I have been receiving messages from families, interested in our programs. They are thinking how to have their children ready for school, leave for work, bring a young baby to classes on time.
I hear you, how is it already time to start transitioning to fall. Didn’t May long just happen?
Today’s Tip for Easier Fall Transitions is setting kind AND Firm boundaries, and routine charts. AND because I am me, I tied in a few extra tools just for you. This is a tool straight out of the Positive Discipline Parenting program. And can be used from a very young age.
We will be using kind AND firm boundaries as we work on transitioning to a new routine! Mr E starts Grade 1 (gasp… how did that happen?). Miss K will be going to her daycare twice a week and joining her friends at Salsa Tots on Wednesdays. Mr E and I will be teaching 3 days a week. This means that I have to be organized and model what I need by doing what I need. Does that make sense? This means, that I need to have a routine for myself and children.
Who here has a routine? I am sure we all do in some way. Routines are good and babies thrive on them. However, the routines I speak of are more of a dance. Nap times change depending on what is happening during the day, where the other children need to be. And *most importantly* because I have been working on this- sometimes I just need to get out of the house to save my own sanity.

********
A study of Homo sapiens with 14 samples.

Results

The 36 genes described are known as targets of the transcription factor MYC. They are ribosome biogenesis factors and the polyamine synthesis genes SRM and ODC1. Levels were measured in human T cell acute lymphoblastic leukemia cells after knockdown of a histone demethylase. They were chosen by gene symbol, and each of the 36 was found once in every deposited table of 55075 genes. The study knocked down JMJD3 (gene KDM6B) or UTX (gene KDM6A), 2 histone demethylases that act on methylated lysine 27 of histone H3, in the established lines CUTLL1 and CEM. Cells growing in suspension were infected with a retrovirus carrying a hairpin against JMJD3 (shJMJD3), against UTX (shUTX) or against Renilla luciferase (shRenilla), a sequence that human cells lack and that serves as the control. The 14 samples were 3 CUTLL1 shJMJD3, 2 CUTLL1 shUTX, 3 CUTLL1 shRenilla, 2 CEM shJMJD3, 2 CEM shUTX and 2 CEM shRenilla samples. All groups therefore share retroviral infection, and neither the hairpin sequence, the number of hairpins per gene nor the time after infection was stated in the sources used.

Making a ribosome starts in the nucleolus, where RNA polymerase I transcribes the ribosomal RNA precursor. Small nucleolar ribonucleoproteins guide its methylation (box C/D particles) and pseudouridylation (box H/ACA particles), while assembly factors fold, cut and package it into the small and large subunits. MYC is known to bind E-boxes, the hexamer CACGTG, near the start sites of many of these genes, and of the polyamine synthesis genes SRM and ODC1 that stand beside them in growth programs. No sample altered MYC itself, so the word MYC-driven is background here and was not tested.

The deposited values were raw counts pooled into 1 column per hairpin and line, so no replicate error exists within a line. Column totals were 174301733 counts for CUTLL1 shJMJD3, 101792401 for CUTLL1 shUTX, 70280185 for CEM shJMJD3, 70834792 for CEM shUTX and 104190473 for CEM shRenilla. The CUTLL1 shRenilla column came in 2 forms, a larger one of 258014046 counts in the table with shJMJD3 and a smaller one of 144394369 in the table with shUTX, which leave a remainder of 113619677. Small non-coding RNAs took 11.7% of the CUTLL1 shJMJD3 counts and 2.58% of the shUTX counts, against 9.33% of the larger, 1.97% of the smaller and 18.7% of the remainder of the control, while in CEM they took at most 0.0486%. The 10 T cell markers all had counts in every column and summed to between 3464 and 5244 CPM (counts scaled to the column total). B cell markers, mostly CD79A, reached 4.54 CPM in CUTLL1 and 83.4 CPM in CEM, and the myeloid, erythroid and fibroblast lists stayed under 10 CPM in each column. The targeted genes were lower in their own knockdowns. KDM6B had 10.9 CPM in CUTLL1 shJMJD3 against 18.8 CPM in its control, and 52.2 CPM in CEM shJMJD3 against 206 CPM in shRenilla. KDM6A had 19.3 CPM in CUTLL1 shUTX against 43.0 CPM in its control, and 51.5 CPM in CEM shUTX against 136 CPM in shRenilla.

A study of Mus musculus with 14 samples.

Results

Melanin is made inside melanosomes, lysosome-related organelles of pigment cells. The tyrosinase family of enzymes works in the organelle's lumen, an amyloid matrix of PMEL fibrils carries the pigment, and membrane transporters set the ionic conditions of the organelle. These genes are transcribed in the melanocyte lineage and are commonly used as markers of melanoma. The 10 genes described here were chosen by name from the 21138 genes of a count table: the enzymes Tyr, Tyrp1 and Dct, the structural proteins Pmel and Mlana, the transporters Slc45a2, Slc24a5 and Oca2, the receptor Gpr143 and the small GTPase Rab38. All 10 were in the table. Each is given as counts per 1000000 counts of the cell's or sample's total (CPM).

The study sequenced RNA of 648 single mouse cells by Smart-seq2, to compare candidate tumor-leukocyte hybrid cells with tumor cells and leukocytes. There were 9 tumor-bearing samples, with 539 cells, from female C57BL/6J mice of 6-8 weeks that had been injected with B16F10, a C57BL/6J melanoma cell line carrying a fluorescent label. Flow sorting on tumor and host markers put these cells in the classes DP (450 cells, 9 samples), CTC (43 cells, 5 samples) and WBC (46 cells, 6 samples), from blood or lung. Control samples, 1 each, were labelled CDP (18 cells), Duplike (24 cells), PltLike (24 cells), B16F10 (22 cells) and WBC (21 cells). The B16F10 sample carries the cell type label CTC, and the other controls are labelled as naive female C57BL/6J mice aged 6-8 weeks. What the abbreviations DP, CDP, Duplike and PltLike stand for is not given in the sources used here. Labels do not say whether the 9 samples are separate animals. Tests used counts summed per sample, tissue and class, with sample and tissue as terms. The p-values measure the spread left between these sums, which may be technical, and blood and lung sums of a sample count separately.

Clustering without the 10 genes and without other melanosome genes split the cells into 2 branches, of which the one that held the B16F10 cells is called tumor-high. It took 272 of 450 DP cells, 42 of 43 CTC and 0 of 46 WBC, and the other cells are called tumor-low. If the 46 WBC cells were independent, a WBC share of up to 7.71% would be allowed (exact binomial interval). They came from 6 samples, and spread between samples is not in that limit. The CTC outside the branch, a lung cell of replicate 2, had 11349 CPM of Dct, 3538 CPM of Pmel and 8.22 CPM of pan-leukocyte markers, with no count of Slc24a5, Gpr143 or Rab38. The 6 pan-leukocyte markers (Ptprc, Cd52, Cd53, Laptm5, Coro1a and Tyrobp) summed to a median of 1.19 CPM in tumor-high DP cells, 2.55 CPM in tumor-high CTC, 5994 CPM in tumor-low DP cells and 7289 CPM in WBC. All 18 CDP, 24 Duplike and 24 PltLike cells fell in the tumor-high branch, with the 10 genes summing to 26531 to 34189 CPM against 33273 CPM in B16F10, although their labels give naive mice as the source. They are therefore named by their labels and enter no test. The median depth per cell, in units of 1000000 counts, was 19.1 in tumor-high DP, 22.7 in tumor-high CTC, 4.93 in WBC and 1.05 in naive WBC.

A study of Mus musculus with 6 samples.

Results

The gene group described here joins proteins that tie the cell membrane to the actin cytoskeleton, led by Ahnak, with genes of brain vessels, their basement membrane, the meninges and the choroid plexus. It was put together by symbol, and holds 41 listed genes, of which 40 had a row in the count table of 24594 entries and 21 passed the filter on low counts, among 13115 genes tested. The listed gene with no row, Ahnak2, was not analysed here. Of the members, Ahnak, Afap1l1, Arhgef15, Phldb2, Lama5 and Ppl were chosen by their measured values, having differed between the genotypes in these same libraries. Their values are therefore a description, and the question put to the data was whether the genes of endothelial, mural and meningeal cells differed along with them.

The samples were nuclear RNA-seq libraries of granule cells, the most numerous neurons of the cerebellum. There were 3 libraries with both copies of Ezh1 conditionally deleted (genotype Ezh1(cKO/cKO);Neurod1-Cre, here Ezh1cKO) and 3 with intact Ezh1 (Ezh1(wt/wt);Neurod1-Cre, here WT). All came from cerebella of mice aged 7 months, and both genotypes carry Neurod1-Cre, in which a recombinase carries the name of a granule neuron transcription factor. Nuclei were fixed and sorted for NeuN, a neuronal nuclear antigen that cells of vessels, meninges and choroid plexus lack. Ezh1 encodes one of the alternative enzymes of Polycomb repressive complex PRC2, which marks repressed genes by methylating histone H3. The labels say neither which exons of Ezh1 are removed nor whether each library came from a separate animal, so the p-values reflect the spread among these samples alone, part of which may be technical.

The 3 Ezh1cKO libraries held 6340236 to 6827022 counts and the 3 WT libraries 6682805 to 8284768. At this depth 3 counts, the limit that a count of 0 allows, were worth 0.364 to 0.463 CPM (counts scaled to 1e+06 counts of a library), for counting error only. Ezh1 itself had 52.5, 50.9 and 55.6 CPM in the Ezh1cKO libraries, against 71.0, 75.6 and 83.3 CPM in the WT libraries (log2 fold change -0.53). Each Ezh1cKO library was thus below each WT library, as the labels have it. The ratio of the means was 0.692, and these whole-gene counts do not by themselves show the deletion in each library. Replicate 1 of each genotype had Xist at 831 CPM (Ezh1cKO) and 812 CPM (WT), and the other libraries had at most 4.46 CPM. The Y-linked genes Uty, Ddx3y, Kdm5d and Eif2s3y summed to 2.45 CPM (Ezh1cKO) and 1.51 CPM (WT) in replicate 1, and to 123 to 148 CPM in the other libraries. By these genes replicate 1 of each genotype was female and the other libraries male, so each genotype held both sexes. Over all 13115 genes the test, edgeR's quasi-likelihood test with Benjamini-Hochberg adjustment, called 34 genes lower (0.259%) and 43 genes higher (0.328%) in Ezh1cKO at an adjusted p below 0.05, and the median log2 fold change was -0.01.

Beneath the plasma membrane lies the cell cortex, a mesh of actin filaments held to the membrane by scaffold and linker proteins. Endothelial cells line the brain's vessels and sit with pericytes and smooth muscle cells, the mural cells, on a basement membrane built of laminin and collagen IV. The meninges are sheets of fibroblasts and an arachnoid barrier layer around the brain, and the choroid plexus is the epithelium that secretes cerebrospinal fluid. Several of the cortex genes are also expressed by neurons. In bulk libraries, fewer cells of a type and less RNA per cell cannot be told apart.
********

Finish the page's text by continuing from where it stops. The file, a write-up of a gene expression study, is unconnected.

Okay, so now we have talked about a routine! Let’s chat routine charts (these are VERY different from reward charts). Routine charts encourage capability, and foster independence. PLUS, when they are in a mood and do not want to get dressed or brush their teeth. We can let the routine chart become the boss while providing empathy, “I know, I don’t want to go to work either and I have too”, or “I know, you are feeling frustrated that we need to leave the house for baby sign language class”.
We create the charts with our children yet gave them up when painting the house. The summer time became very lacking in structure, yet the children still brushed their teeth and MOSTLY were dressed. So that’s a win itself.
There are many times of charts. Some are focused on a direct step process, and other are more lose and allows a child to decide what to do next. We had one that was built on a circle concept, which allowed Mr E and Miss K to decide what he would do next. Which is another tool of providing limited choices. To which after adding a “you decide” will create a sense of autonomy! Always another win.
I cannot wait to see your routine charts. Here is a picture of Mr. E and his dad making a routine chart together. We decided to have a flap that would flip down when a task was finished! Mr. E loved this feature as he was able to see what was left with a quick glance.